Transplantation. Author manuscript; available in PMC 2010 October 14.
Published in final edited form as:
Transplantation. 1991 July; 52(1): 150–151.
PMCID: PMC2954621


Although serious esophageal complications are not uncommon after liver transplantation, these have received little attention in the literature (1). We report here the nature and treatment of major esophageal complications encountered in 7 (0.6%) of 1154 adult liver transplant recipients at the University of Pittsburgh between January 1, 1986 and March 31, 1990. Of 4 perforations of the distal esophagus (Table 1), 3 were thought in retrospect to have been caused by pretransplant sclerotherapy. The complication in 2 recipients was diagnosed one or 2 days posttransplantation, and in a third at the time of liver replacement. The fourth perforation was secondary to multiple hemostatic sutures placed during transplantation near the esophagogastric junction. Two patients had intractable esophageal bleeding from multiple ulcerations caused by cytomegalovirus and one patient with an Epstein-Barr virus infection developed an esophageal clonal B cell lymphoma.

University of Pittsburgh resultsa

The treatment for the 7 patients is summarized in Table 1. Three of the 4 patients with esophageal perforation died from 2 to 198 days after the diagnosis in spite of treatment with thoracic and/or transabdominal drainage, exclusion by temporary ligation of the lower esophagus, or an attempt at esophagectomy and colon interposition. The single survivor closed his perforation spontaneously after cervical esophagostomy and prolonged subdiaphragmatic drainage.

One of the 2 patients with massive bleeding survived after total esophagectomy and colon interposition 5 months later. The other died of multiple bacterial infections and disseminated tuberculosis 2 months after the hemorrhage was controlled with suture ligation of multiple bleeding sites through a longitudinal esophagostomy, cervical esophagostomy, tube gastrostomy, and temporary ligation of the esophagus at the esophagogastric junction. The patient with lymphoma had regression of the lesion when immunosuppression was reduced, but hepatic rejection followed, necessitating retransplantation. He then had a recurrence of the lesion that was treated with esophagogastrectomy. Five months later, the lymphoma recurred above the suture line, but this regressed after cyclosporine was stopped and treatment was started once—and subsequently twice—per week with the new immunosuppressive agent FK506 (2, 3). He now is tumor-free almost 3 years after the first liver transplantation, 18 months after retransplantation and 8 months after the change in immunosuppression.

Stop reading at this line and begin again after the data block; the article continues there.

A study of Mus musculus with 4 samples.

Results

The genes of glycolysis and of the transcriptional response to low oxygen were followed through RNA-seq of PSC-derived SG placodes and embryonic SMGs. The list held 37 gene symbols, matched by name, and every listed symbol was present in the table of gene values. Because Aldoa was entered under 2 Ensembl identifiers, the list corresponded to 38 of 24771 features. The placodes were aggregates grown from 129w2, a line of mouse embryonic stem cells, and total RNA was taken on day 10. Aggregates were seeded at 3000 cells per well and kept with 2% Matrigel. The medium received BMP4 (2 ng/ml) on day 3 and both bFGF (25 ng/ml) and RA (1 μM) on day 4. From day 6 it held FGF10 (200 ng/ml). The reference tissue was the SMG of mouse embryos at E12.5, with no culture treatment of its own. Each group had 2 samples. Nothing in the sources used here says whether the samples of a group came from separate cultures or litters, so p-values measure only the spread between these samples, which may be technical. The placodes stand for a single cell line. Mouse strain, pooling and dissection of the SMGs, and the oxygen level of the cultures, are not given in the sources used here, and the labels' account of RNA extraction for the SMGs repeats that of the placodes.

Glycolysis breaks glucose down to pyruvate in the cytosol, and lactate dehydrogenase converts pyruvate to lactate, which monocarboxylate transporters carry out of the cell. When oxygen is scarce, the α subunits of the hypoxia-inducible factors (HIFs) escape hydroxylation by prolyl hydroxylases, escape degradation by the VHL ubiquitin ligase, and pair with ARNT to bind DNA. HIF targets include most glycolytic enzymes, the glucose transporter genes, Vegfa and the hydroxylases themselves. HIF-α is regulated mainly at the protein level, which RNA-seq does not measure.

An obvious conclusion from these observations is that major esophageal complications in the transplant population have a very high morbidity and mortality. Aside from the added burden of immunosuppression, liver transplant patients are particularly vulnerable because of their general disability from liver failure, the frequent involvement of the esophagus secondary to liver disease, and the consequent high rate of endoscopy in the days or weeks preceding transplantation. Furthermore, it is obvious that pretransplantation sclerotherapy for both treatment of bleeding esophageal varices and prophylaxis does carry a certain risk of perforation of the esophagus (4, 5), which may not be diagnosed, as in 2 of our patients, until after transplantation. After sclerotherapy, a high degree of suspicion is necessary in order to rapidly diagnose any possible perforation. When sepsis or bleeding were controlled with effective drainage or esophagectomy, later reconstruction and esophageal replacement was possible in one case. In another patient with esophageal lymphoma, a radical esophagogastrectomy and primary reconstruction were performed without incident.


1This work was supported by research grants from the Veterans Administration and by Project Grant DK 29961 from the National Institutes of Health. Bethesda, MD.